NYC parks group opposes MLS Queens stadium as “simply wrong”

The plan to drop a $300 million MLS stadium on top of more than 12 acres of public parkland in Queens, with the aid of more than $100 million in city tax breaks, picked up another prominent opponent yesterday, as New Yorkers for Parks, which previously hadn’t taken sides on the deal, declared itself in opposition, saying building a soccer stadium in Fushing Meadows-Corona Park would sacrifice “irreplaceable public space” and on game days arriving fans would “overwhelm the park, exacerbating the already significant maintenance challenges this heavily used public space faces.” Wrote NY4P Holly Leicht, the only acceptable solution is to find another location for the project:

To be clear: regardless of the terms of the deal, the design of the stadium, or any offers of replacement parkland, New Yorkers for Parks cannot support a private stadium in the heart of Flushing Meadows Corona Park. The location is simply wrong, and no modification or mitigation can make up for the loss of this vital open space.

Now, the opposition of a parks advocacy group, even one with high-powered real estate executives on its board, may not be a death knell when compared with the oodles of lobbying money that MLS is pouring into this project. Still, it’s just the latest in what’s been a pretty bad month for MLS, public-perception-wise: Sheik Mansour bin Zayed al-Nahyan, the Manchester City owner who would reportedly own a Queens MLS expansion franchise, and who was supposed to lend an air of legitimacy to the project, instead was criticized not only for seeking public subsidies when he’s an oil billionaire who could pay for a stadium himself, but for being deputy prime minister of the United Arab Emirates, a nation where homosexuality is punishable by either death or chemical castration.

The real battleground here remains the city council, where the local representative, Julissa Ferreras, has been mostly quiet since expressing mixed hopes and concerns about the project when it was first announced last summer. (Her office hasn’t yet responded to an email I sent yesterday asking about her current position on the MLS stadium.) Mayor Michael Bloomberg fired back that parkland isn’t “irreplaceable,” citing as an example Flushing Airport, a decommissioned airfield about two miles away that Bloomberg, um, tried to use for commercial development several years ago before community opposition stopped him, but anyway, it’s practically a park now, right? In any event, though, Bloomberg will be out of office before the nine-month land use process can be completed, even if it starts now, which it won’t. So Ferreras remains a key player here, along with whichever of these folks ends up somehow becoming mayor.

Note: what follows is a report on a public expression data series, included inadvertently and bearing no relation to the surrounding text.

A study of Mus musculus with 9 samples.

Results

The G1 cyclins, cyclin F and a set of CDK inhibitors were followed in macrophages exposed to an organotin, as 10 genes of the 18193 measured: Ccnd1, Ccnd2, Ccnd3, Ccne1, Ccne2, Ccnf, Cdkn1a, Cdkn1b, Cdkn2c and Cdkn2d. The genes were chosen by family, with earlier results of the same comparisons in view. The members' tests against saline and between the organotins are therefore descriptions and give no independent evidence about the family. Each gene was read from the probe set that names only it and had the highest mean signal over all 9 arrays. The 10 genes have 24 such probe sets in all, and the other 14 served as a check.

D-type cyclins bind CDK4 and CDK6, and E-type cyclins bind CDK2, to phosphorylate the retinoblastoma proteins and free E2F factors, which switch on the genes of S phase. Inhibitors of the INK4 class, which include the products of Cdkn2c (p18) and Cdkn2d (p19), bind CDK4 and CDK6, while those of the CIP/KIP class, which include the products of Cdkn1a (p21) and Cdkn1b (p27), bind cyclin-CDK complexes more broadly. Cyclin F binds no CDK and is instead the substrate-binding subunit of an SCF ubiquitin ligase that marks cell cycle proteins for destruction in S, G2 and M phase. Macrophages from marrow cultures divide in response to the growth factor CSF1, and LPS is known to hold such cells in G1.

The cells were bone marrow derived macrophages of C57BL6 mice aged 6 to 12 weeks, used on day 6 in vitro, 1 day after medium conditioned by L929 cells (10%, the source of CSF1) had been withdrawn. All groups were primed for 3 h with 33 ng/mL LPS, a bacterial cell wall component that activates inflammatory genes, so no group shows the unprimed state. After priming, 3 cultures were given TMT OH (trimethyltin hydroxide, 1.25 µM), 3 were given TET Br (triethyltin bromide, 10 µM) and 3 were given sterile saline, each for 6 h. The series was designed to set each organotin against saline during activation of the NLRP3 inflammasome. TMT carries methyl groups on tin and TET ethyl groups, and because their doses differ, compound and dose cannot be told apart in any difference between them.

There could still be an announcement from MLS of Sheik Mansour getting awarded a provisional expansion franchise for New York, possibly at Man City’s friendly against Chelsea on May 25. But while that would no doubt garner headlines, the actual approval process remains a long way from the “finish line” that MLS commisioner Don Garber promised was nigh last November.


3 comments on “NYC parks group opposes MLS Queens stadium as “simply wrong”

  1. “on game days arriving fans would “overwhelm the park”

    One- On game day, fans concentrate INSIDE the stadium.

    Two- When they leave the stadium, typical fans are supposed to flood local developement with their money, but we know they don’t, they just go home. If a gleeming shopping mall can’t hold them, would they really stick around a park?

    Three- Aren’t parks supposed to be used? Is a successful park not supposed to be crowded?

    It still may be a stupid idea. The red Bulls have a stupid name, the stadium is in the middle of nowhere, but it is the best stadium in the league, the team is doing well, Henry is a world class star, Cahill and Junhino arew big stars as well, but it’s just not taking off. Not shure “City” whould do any better and the two teams in the same market thing is not doing so well in LA.

  2. @Richard, The LA thing isn’t really a good comparison because the clubs share the same stadium and Chivas USA is a polarizing brand which doesn’t attract fans as well as the Galaxy. I’m iffy on the whole thing. MLS says they will help with the development of a 70 acre park and that the stadium will only take up 13 acres of a 1300 acre park and the development of some soccer pitches in disrepair in flushing park (and it will be built over a fenced off swamp to boot). I really hope NY2 and MLS engage the local communities with events around the stadium as a thank you for letting the club play in the park.

  3. Couple of corrections: The soccer pitches are actually fairly new, they’re just in bad shape because they’re incredibly heavily used. (If they rebuild them elsewhere, those will be in bad shape within a few years as well.) And it’s not a “fenced-off swamp,” it’s an old fountain from the World’s Fair, albeit not much of one.